Readers may recall last year’s Report of the Vulnerable Witnesses & Children Working Group (March 2015) (the “Hayden / Russell Working Group”) which recommended at para 34:

“The need for greater transparency has been a leitmotif of recent modernisation of family justice and in keeping with that approach the [Working Group] recommend that there should be an increase in public access to the family courts so that members of the public, including children and young people can see what is happening.”

We have now seen unpublished early draft of the WG report which actually goes a lot further, and envisages family courts being far more “child centred” than at present, incorporating childcare and play facilities within the courtroom, ideally in the well of the court where supervision by adults would be least inconvenient.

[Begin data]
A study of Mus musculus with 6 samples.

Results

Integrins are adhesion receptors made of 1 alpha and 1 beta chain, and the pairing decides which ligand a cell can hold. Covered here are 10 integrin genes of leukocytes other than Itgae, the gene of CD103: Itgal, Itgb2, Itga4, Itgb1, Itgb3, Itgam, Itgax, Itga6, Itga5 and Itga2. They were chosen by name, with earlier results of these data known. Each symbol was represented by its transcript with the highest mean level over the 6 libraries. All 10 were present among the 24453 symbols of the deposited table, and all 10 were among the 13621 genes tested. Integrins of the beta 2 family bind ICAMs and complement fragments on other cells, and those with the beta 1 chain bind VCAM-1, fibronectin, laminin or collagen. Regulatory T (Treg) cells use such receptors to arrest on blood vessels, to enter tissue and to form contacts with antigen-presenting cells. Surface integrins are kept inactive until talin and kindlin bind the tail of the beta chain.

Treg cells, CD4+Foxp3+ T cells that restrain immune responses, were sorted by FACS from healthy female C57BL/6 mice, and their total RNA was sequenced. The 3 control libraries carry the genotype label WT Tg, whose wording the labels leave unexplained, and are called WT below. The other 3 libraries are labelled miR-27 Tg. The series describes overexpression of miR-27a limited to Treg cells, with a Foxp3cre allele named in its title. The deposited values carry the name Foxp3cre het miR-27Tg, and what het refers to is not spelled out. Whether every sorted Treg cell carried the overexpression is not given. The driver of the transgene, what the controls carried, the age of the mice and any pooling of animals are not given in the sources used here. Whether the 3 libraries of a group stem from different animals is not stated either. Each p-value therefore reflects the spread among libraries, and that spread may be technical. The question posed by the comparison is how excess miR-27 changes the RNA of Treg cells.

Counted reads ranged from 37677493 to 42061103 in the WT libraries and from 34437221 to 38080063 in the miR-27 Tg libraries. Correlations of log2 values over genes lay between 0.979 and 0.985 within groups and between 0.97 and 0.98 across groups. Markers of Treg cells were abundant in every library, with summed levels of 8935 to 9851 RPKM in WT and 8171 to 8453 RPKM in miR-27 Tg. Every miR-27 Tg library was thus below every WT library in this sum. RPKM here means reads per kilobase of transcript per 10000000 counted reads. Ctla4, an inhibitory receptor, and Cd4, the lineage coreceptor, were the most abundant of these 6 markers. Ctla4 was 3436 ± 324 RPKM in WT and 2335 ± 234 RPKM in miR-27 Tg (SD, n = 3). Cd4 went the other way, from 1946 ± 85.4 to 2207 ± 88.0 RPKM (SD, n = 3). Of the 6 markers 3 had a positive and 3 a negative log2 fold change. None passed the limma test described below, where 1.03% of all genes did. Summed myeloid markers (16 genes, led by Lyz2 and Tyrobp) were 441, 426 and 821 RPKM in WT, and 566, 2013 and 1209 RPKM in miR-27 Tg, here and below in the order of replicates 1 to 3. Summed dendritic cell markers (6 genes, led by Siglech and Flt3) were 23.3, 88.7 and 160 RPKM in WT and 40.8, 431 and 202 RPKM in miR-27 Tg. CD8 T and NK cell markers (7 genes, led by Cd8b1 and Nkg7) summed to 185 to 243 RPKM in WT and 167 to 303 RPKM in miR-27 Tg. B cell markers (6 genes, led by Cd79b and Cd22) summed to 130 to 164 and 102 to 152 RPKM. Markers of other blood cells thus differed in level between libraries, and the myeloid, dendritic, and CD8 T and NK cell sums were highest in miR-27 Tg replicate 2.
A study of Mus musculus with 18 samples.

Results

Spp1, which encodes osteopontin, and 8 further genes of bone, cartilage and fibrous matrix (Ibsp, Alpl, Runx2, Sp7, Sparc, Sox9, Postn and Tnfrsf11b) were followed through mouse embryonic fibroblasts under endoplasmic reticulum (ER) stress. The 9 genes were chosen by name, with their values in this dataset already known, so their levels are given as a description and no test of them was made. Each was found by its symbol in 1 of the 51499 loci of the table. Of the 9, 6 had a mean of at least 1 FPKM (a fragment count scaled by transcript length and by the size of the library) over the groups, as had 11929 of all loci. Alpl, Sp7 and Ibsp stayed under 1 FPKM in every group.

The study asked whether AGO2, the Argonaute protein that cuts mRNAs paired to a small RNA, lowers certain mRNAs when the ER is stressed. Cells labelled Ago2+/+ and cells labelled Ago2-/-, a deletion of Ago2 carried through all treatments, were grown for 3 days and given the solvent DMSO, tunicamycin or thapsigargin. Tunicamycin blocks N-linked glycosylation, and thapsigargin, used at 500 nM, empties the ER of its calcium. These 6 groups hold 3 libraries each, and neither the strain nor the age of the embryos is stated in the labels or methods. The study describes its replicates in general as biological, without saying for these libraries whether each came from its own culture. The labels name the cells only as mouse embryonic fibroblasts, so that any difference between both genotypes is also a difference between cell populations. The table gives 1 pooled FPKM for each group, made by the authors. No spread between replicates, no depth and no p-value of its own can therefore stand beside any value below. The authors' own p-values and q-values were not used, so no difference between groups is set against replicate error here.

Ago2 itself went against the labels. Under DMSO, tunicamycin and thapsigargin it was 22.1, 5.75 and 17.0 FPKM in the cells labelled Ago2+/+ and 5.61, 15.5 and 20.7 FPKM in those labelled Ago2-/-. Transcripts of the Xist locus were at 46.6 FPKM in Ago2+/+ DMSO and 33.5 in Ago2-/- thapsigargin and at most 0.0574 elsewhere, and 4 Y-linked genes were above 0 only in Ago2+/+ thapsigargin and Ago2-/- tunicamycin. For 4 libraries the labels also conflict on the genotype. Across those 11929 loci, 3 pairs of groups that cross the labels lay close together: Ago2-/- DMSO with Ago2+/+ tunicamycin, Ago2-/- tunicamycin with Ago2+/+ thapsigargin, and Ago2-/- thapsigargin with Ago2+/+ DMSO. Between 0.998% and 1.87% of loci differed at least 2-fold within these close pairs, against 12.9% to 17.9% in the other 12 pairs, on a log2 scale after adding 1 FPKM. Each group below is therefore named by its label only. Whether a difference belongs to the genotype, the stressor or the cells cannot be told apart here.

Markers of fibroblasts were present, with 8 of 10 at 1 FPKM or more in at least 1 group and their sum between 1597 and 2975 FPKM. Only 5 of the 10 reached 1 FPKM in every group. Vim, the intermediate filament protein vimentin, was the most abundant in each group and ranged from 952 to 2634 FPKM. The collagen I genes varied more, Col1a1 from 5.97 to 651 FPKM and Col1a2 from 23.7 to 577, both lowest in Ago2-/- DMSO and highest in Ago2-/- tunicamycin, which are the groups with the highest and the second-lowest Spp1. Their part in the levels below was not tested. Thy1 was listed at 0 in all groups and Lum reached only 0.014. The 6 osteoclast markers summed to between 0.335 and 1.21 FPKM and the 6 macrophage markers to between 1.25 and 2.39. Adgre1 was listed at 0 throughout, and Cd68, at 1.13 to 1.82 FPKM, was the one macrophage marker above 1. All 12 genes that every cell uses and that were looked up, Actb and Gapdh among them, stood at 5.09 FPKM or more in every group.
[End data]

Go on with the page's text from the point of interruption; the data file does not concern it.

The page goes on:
The following is an artist’s impression of how the new child-centric court might look:

Bristol play court 4

 All rights – it was a joke. April Fools!

Thanks to Lucy R for video still of courtroom used in her excellent series of educational videos, Family Court Without a Lawyer. The judge, whose picture is taken from an ancient edition of Vanity Fair, is the famous Victorian family judge Sir James Wilde, later Lord Penzance, who once provided the legal definition of marriage in a landmark case, Hyde v Hyde and Woodmansee (1866) LR 1 PD 130. The soft play area came from the website of a company called First-Play (

This joke post got us a bit of attention on Twitter and hopefully raised our profile a bit.